From an email:
This Friday evening (May 22) the Bill Moyers Journal on PBS at 9 p.m. EDT will feature a discussion with Dr. David Himmelstein, co-founder of PNHP, and other single-payer advocates, asking the question "why isn't a single-payer plan on the table in Washington?"
This important media event is emblematic of a recent surge in media interest in the single-payer alternative (see below) - a surge in large part fueled by the bold and courageous acts of civil disobedience undertaken by PNHP members and others before the Senate Finance Committee earlier this month.
Yesterday the conservative editorial board of the Times-Union in Albany, N.Y., made an impassioned appeal to Congress to put single payer on the table.
Dr. Margaret Flowers, one of the first persons arrested by the committee for speaking up for single payer, explains why she did so in this op-ed in the Baltimore Sun. She has given radio and newspaper interviews almost every day since her arrest.
Others who took part in the D.C. actions have been profiled in the media, too: see, for example, these portraits of Dr. Judy Dasovich and Dr. Carol Paris.
Dr. Paul DeMarco, writing in the Spartanburg (S.C.) Herald Journal, explains why, as a conservative, he supports single payer and the principle of mutual aid. (His op-ed ran directly alongside an opposing view by Sen. James DeMint, R-S.C.).
In their May 16 letter to The New York Times, Drs. Arnold Relman and Marcia Angell, past editors of the New England Journal of Medicine, explain how "We don't need more money; we need a new system." In another recent NYT letters column, Dr. Laura Boylan writes, "As long as the logic of our system is set by a huge for-profit multi-payer bureaucracy, we will continue to get low value on the health care dollar."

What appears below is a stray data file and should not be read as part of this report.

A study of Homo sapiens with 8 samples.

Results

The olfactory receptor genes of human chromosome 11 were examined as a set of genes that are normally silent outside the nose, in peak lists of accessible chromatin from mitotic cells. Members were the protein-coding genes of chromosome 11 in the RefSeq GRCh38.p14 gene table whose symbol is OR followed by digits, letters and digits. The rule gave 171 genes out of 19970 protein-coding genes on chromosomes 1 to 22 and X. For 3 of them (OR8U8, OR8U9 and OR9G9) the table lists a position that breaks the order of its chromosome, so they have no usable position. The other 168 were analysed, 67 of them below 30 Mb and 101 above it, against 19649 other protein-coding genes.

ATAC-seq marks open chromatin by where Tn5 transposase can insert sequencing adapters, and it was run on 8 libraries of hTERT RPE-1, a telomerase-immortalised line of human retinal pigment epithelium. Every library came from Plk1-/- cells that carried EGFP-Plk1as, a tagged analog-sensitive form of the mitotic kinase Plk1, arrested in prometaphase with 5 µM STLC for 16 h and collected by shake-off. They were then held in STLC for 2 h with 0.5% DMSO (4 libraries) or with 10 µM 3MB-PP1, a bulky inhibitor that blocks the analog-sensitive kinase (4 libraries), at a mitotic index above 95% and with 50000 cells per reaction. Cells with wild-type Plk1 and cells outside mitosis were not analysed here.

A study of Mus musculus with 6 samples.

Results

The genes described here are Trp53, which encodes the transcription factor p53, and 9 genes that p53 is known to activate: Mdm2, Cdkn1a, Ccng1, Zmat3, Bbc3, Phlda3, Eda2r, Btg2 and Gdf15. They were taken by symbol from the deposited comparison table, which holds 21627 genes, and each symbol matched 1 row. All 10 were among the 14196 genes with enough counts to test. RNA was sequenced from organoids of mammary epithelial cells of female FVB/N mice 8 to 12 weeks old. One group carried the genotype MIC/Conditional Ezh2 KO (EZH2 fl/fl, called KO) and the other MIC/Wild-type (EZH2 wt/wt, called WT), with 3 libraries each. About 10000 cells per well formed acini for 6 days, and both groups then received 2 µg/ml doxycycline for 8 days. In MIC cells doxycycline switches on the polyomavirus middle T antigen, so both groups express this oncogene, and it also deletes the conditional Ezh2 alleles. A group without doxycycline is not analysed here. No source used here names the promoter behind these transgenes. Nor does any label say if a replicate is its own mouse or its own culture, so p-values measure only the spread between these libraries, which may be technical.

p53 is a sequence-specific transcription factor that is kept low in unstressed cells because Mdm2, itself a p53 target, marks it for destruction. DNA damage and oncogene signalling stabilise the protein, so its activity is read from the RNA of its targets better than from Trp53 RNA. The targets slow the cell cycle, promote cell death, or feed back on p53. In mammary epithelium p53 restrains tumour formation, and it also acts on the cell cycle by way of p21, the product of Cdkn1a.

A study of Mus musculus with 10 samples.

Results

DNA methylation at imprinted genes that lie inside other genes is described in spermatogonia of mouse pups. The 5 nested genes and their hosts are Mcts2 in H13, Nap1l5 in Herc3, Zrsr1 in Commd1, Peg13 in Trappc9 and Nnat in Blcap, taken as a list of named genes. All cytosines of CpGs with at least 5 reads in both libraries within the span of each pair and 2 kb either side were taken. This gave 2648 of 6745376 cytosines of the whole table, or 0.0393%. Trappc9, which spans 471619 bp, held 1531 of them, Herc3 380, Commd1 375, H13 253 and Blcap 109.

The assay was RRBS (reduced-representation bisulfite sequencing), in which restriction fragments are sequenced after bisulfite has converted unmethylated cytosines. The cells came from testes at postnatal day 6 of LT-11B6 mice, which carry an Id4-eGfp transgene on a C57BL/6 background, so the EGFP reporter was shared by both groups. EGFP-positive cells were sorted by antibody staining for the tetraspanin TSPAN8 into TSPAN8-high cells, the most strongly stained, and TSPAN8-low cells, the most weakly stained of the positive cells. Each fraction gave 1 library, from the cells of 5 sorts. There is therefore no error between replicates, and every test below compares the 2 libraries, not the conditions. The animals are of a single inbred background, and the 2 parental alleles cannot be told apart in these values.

This is just the tip of the iceberg. For example, Dr. Himmelstein was on NPR's Diane Rehm Show Monday, along with Sen. Bernie Sanders (I-Vt.) and others.
What PNHP members can do:
Tell your colleagues and friends about this Friday's Bill Moyers program, watch it yourself, and post your comments about it immediately afterward on the program's web site (look for the feedback button). Note, too, that the entire program will be available on the program's web site after a day or two.
Now is the time for each of us to speak out, to write op-eds and letters to the editor, and to muster the strongest arguments we can for the only effective remedy for our nation's health care crisis: single-payer national health insurance. Slides are available (password is fein), along with a tip sheet on how to write letters and op-eds.
Rallies and other events in support of single payer are taking place in over 40 cities nationwide on or about May 30, and in some cases physician speakers are still being sought for the programs. Find out more about how you can participate in this National Day of Action for Single Payer here.
Contact your members of Congress. We recommend these four "asks" or requests of your representative or senator: (1) that the single-payer model be represented at all health care reform hearings, (2) that the Congressional Budget Office study the cost-effectiveness of a single-payer national health system alongside other proposals; (3) that there be a full hearing to assess the merits of a single-payer system; and (4) that he or she co-sponsor H.R. 676, The United States National Health Care Act, or (in the case of senators) S. 703, the American Health Security Act of 2009. A guide to lobbying is also available.
Thank you for your continued support and especially your priceless efforts for reform.